Camping With Old Bill
As the end of summer approaches many people might make the most of it by going on one last camping trip before heading back to work and school. To all those, the Museum would like to offer the advice of Old Bill, suitable for all seasons.
Born in Liverpool, Bill Bailiff moved to Canada and began working for the Pacific Great Eastern railway in 1913. He soon quit over unsafe working conditions and walked up the unfinished track to make his home at Alta Lake. Bill settled in a log cabin on the Pemberton Trail near Scotia Creek and kept a trapline up the Cheakamus and in Fitzsimmons Pass. As the community around Alta Lake grew Bill became an involved resident so that at the time of his death in 1958 he had been serving as the president of the Alta Lake Community Club.
Founded in 1924 the Alta Lake Community Club regularly held dances, card parties, and film nights, as well as constructing the first school building in the area. The club also put out a weekly newsletter called the Community Weekly Sunset to which Bill, as president, contributed a column on life in the mountains. Going through the archives I found one of these columns entitled “What Not to Do” and thought it was time to share the advice of Old Bill.
1. Don’t ever make your campfire against a tree and in summertime don’t make it against a log or windfall. make it where it can be controlled at any time. Remember, fire is a good servant but a bad master.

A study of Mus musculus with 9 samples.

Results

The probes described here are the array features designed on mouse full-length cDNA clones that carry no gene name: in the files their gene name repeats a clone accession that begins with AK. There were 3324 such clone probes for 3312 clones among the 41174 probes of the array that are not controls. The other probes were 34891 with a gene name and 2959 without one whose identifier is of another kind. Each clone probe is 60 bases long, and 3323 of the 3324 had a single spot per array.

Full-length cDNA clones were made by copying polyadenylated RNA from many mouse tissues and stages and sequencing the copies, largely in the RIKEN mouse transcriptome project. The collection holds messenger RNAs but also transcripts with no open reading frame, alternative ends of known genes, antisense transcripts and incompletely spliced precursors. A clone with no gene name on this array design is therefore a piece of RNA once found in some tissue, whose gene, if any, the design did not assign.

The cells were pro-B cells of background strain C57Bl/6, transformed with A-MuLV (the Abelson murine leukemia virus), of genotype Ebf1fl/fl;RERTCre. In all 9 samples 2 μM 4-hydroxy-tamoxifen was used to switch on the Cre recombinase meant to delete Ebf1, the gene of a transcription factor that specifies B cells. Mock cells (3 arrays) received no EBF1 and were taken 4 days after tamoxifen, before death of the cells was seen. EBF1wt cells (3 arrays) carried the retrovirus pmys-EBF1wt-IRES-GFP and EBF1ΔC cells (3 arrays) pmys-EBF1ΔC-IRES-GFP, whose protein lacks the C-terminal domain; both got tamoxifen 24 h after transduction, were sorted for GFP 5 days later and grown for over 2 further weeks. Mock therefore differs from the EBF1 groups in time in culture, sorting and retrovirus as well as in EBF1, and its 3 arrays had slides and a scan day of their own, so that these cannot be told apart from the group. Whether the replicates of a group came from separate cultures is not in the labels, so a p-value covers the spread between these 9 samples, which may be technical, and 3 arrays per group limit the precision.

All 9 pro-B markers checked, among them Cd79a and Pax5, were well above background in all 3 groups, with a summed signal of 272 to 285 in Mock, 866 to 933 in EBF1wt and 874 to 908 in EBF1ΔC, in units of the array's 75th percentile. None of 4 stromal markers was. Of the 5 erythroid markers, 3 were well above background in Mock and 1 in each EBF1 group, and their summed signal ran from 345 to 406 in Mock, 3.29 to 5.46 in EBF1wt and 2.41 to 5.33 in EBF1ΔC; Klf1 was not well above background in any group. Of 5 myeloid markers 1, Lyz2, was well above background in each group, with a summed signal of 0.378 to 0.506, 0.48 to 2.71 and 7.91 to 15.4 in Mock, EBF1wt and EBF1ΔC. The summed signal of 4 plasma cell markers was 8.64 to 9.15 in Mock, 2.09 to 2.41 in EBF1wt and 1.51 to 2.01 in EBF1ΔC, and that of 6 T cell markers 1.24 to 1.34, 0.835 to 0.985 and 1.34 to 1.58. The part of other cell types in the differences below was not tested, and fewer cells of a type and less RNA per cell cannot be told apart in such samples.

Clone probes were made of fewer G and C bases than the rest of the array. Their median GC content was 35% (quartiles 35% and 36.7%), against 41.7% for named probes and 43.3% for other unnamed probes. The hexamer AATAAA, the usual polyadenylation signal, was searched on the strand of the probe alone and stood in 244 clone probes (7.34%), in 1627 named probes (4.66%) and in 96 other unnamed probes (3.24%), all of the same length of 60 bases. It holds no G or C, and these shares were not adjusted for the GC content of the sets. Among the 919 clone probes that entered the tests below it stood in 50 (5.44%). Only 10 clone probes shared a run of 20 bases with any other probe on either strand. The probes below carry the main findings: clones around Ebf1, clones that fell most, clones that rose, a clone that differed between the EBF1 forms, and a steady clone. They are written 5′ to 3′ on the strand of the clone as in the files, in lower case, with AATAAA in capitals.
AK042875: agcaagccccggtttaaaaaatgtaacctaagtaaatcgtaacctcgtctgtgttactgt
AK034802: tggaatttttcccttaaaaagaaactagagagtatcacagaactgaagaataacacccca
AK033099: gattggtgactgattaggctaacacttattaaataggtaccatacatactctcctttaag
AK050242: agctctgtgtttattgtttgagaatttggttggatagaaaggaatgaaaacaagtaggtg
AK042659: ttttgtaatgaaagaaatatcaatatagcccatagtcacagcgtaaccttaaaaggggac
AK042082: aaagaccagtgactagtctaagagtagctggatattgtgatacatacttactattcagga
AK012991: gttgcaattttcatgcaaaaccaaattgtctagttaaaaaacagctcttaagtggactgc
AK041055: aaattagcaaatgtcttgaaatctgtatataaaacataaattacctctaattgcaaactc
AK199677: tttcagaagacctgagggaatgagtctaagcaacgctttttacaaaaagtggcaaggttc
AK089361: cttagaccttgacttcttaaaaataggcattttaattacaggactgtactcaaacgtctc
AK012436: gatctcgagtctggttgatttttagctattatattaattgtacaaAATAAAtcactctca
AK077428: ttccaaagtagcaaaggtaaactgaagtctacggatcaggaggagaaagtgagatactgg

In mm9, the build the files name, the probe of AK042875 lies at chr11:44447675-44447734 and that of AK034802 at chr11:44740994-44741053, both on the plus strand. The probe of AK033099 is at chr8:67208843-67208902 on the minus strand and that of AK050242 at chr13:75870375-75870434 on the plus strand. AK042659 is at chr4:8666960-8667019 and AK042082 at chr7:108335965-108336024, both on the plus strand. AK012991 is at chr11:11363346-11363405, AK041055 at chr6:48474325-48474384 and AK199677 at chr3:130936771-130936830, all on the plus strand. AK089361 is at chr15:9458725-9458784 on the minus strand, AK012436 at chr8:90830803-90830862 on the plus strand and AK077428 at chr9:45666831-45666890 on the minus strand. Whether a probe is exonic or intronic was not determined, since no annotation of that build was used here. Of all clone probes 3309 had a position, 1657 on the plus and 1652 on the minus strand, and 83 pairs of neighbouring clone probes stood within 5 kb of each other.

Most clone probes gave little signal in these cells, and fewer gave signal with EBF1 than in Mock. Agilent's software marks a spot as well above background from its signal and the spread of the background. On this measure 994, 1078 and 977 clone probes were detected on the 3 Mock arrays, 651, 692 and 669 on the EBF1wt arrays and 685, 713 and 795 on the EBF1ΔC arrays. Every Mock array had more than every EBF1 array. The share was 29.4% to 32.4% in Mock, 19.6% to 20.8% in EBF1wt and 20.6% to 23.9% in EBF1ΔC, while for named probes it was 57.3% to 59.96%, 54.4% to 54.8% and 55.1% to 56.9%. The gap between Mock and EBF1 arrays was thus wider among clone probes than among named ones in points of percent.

2. If in company never carry a firearm loaded. By loaded I mean a live shell in the chamber. Be careful of that sharp axe, best to have it covered as anyone brushing against you could receive a nasty cut.
3. Don’t go sliding down a steep snowbank as you may not be able to stop and the rocks below are harder and sharper than your bones.
4. If on a glacier don’t ever attempt to cross on a snowbridge over a crevice as these are liable to give way anytime so leave that to the experienced mountaineers who rope themselves.
5. Don’t be a litterbug around a campsite clean it up as someone else might be along to use it and don’t stay too long on a snowfield without dark glasses on as you may get a terrific headache from partial snowblindness.
6. Remember your forest ranger is your friend and you’ll find him very nice and co-operative providing you are not a careless firebug who none of us has any use for.
7. Don’t go killing wild life needlessly as some species are nearing extinction from indiscriminate slaughter. Much better to try a shot with your camera and picture them.
9. Don’t be an old grouch round the camp or on the trail as this has a bad morale effect on others. If the going is tough take it with a smile and joke about it as it makes it easier and pleasanter.